Relationship Skills 0/3
Social Awareness 0/3
Responsible Decision-Making 0/3
1.2 How Can I Identify Relationship Skills?
Despite how necessary these skills are, they’re rarely taught in professional or educational institutions.
Relationship skills were introduced by many of our parents or guardians. They would tell us to “be respectful” or “use your words” but then you grow up and have to learn through trial and error.
I want to teach you 3 key skills that will make you grow better with your relationships.
3 Key Skills
- Communication: One of the most basic forms of human interaction is through verbal and non-verbal communication. Be aware of your audience when choosing your words since certain situations can call for different phrasing.
For example, you answer differently when your boss asks how your day is going than when your best friend does. It is best to be aware of how you would want to be addressed in a personal versus professional setting, but to also be aware of how your audience may feel as well.
I’ve called myself a dot connector for years. Many of my deals in my business come from building healthy, genuine and authentic relationships. This comes from communication. That’s a big piece of relationships that we are missing, because we forget to live in the moment and life is so busy busy! We don’t take time to be transparent and build with the people around us. Make sure you are engaged in conversations and people feel like they can communicate with you.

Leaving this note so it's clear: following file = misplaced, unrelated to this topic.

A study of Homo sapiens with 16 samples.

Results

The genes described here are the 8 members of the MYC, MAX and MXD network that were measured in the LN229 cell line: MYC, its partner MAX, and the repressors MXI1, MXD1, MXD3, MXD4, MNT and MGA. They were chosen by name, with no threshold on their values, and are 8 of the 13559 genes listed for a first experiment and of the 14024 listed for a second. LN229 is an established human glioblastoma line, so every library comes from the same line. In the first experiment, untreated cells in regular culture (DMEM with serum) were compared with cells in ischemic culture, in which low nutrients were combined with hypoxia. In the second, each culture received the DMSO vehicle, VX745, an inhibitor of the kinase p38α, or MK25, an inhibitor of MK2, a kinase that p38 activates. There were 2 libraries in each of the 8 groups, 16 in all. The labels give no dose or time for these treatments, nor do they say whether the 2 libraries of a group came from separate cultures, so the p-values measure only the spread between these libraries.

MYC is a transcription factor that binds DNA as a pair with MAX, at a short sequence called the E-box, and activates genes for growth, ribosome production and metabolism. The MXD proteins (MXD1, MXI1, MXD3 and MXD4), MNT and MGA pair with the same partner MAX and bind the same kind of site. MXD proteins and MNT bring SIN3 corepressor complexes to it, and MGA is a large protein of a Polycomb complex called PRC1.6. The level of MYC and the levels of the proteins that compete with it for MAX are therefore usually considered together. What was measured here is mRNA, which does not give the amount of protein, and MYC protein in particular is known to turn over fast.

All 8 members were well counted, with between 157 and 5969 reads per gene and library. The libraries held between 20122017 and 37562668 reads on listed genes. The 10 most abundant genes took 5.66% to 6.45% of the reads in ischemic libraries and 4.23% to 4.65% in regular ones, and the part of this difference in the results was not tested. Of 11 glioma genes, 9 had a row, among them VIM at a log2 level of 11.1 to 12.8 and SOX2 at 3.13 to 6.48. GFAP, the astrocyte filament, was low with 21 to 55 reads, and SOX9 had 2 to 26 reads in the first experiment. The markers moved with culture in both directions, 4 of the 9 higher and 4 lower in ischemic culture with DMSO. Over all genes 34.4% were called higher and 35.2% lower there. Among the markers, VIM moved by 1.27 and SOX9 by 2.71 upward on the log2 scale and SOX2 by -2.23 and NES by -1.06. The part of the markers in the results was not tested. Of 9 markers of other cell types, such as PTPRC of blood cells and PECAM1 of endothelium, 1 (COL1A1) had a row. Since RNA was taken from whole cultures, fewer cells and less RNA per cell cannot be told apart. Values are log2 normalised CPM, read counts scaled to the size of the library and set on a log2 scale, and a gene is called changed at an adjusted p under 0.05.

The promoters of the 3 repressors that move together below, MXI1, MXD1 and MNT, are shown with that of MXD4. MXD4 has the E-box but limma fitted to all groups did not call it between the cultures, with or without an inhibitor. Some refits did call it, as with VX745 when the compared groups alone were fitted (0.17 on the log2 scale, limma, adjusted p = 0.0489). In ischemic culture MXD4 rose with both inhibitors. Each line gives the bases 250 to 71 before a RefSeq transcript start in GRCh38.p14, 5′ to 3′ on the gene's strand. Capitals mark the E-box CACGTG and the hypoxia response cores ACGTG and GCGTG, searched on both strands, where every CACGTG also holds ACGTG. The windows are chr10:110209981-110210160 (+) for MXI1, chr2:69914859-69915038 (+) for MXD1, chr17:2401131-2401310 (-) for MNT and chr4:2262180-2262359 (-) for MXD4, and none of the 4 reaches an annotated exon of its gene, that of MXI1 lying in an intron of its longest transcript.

Relationships skills can help get you a job, a new partner, mend broken relationships and grow financially. It’s all about how you grow them, and social engagement is a key factor.
- Social engagement: The best way to improve social engagement is to be a tad bit more attentive to the group you are interacting with, whether you are the audience or speaker. In either case, it is good to be aware of things like non-verbal cues. Is your audience on their phones? Is the speaker fidgeting or pausing in unexpected places? It is important to give a speaker your attention, even if you don’t think you “need” to listen to them. If you are currently preoccupied with something that needs to be handled in a timely manner, then you could politely excuse yourself until you are available to be fully attentive.
If you are in a one on one discussion, it is very easy to detect when a person is not engaged. Self reflect to think of times when you have been the person not listening or the person not being heard. How did it make you feel?
- Relationship building: Sometimes people prioritize certain relationships or relationships with certain people over others. This is a personal decision, but it can cause other relationships to fall by the wayside. If you’re interacting with someone, be it a family member, friend or coworker, it’s important to cultivate these relationships to avoid miscommunication or conflict. One popular technique is quality time; asking people small things about their personality such as likes and dislikes which allows you to learn about the person you’re building a relationship with. You can also ask them how they feel about certain experiences that happen within your relationship. Some people are not completely open with personal information, so this may not be the best option for all people. Instead, you could spend time with them, go to events that involve common interests and the like.
You have heard it stated for engaged or married couples to name their favorite color, or favorite food, as a measurement to how well they know each other. Think about how many people would get your questions correct, and then why. Use the list of valuable relationships from above.